GoodReads/Amazon Rating: ★★☆☆☆
So during my quest to win a Mini from the McDonalds Monopoly, I ended up winning a NowTV 3-month subscription (perfect for Game of Thrones season), a 3-month Kindle unlimited subscription as well as 3 free Kindle e-books through their online codes. This happened to be one of the ones I selected as I’d been having a rough week and had fallen into a mini-depressed slump. I wanted something light, happy and predictable. This was exactly that. It had characters in it that maintained very predictable storylines and stuck to a seemingly anticlimactic plot-line. Don’t get me wrong, there is nothing negative about that. Sometimes it’s really nice to select a book that has a pretty straightforward idea and switch your mind off for a couple of hours. Currently I have been reaching to read a lot of murder-mystery/psychological thrillers etc. so it was nice to go for a different genre.
Though this review is not completely positive, I’d like the preface that the reason I ended up feeling quite unimpressed by this book is mainly due to the fact there was an extensive amount of typos throughout the book. I never get bothered by one or two, due to the fact that editors are humans too, but I kept finding one after the other. It felt extremely rushed and I found myself feeling like I had been reading a first draft instead of a completed novel.
A season for change…?
Beth Reynolds loved growing up close to Eleanor’s Emporium – a bric-a-brac shop full of wonders on Lavender Bay. Devastated to learn that Eleanor has died, she returns home from London immediately and is shocked to discover that the elderly lady has left the shop to her!
Vowing to restore it to its former glory, she only intends to stay until the end of the season. Although the longer she spends in the colourful seaside town, the more she falls back in love with everything she left behind…and quite possibly, with her best friend Eliza’s older brother, local chef Sam Barnes!
Why didn’t she notice he was quite this gorgeous before? And will their spring fling be enough to convince her to stay?
The blurb pretty much covers the whole plot-line. It reminded me a little bit of a few trailers for new releases I have been seeing recently where everything is told to you throughout those 2-and-a-half minutes. Just by reading that blurb, and now the book, I feel like it has already told me everything. Coincidentally enough, this leads into how I felt about the writing style. It felt cinematic…and not in the way that the term is normally used for. I felt in some paragraphs that the writing was almost portraying the plot as a film, fading away from specific scenes and making all of the romantic scenes very unrealistic and perfect. Again, not necessarily a negative thing, but just something I found interesting while reading. I felt like the author could almost envision the book becoming a movie and that’s how the dialogue and descriptions ended up sounding like.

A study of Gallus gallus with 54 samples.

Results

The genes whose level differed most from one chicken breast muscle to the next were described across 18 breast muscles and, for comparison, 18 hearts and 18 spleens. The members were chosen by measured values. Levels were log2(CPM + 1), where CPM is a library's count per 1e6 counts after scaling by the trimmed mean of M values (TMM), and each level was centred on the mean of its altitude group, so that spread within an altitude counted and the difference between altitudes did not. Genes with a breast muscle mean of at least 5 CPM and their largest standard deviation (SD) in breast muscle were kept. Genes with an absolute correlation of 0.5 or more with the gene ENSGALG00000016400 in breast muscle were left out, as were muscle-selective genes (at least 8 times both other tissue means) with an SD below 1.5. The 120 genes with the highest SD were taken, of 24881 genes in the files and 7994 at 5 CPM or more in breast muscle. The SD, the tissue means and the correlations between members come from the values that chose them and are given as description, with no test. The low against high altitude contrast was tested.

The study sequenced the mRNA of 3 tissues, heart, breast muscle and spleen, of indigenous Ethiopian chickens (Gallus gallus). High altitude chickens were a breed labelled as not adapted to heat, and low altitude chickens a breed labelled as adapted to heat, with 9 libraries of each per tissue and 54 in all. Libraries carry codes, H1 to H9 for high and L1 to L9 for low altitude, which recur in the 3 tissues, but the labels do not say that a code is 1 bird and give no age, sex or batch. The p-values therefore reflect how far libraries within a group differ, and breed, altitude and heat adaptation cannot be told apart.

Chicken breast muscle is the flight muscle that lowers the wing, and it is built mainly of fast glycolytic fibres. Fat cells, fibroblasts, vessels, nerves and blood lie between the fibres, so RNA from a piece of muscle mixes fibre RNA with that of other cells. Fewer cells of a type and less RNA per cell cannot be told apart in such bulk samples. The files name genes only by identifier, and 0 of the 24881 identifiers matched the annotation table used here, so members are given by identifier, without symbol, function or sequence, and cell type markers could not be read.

I love the cover. In general, I love the collection of covers that Sarah Bennett has for most of her series. The colours are very bright and sweet and portray the spirit of the small village very well. I love English villages to be completely honest. There is something so wholesome and free about travelling to smaller villages and breathing the fresh air in, visiting all the town shops and restaurants/cafes. It’s completely different from big cities like Leeds and London.
There were problematic parts of the book for me in regards to how they were handled. Some of Sam’s descriptions of Beth weren’t extremely…elegantly-worded in comparison to some of the other parts where he talks about his feelings for her. The narrative switched so much between Beth and Sam and stayed predominantly with Sam most of the time that I struggled with realising who the protagonist. While we are introduced to Beth’s mother and previous partner they only appear twice in the actually story. Sam’s background and life is more developed and fleshed out, making him a more enjoyable character to read from.
(This isn’t exactly a spoiler, but there is a reference to a homeless character at some point that extremely irked me. Sam referred to him as a “poor, pathetic creature” and I had to put my kindle down for a day before returning to it.)
In conclusion, if you want something light, go for it. But overall, for me, it felt extremely rushed and I wish there had been a bit more time spent on working on a few of the chapters and scenes to rework them. I do feel a bit inclined to read the next one in the series because I enjoyed the writer’s ideas and characters and maybe it would be better.
Language & Style: 4 points
Story: 5 points
Characters: 5 points
Plot: 5 points
Total: 19 points out of 40
Favourite Quote: Lusting over the boy next door was not a sensible life plan, and that was what she needed.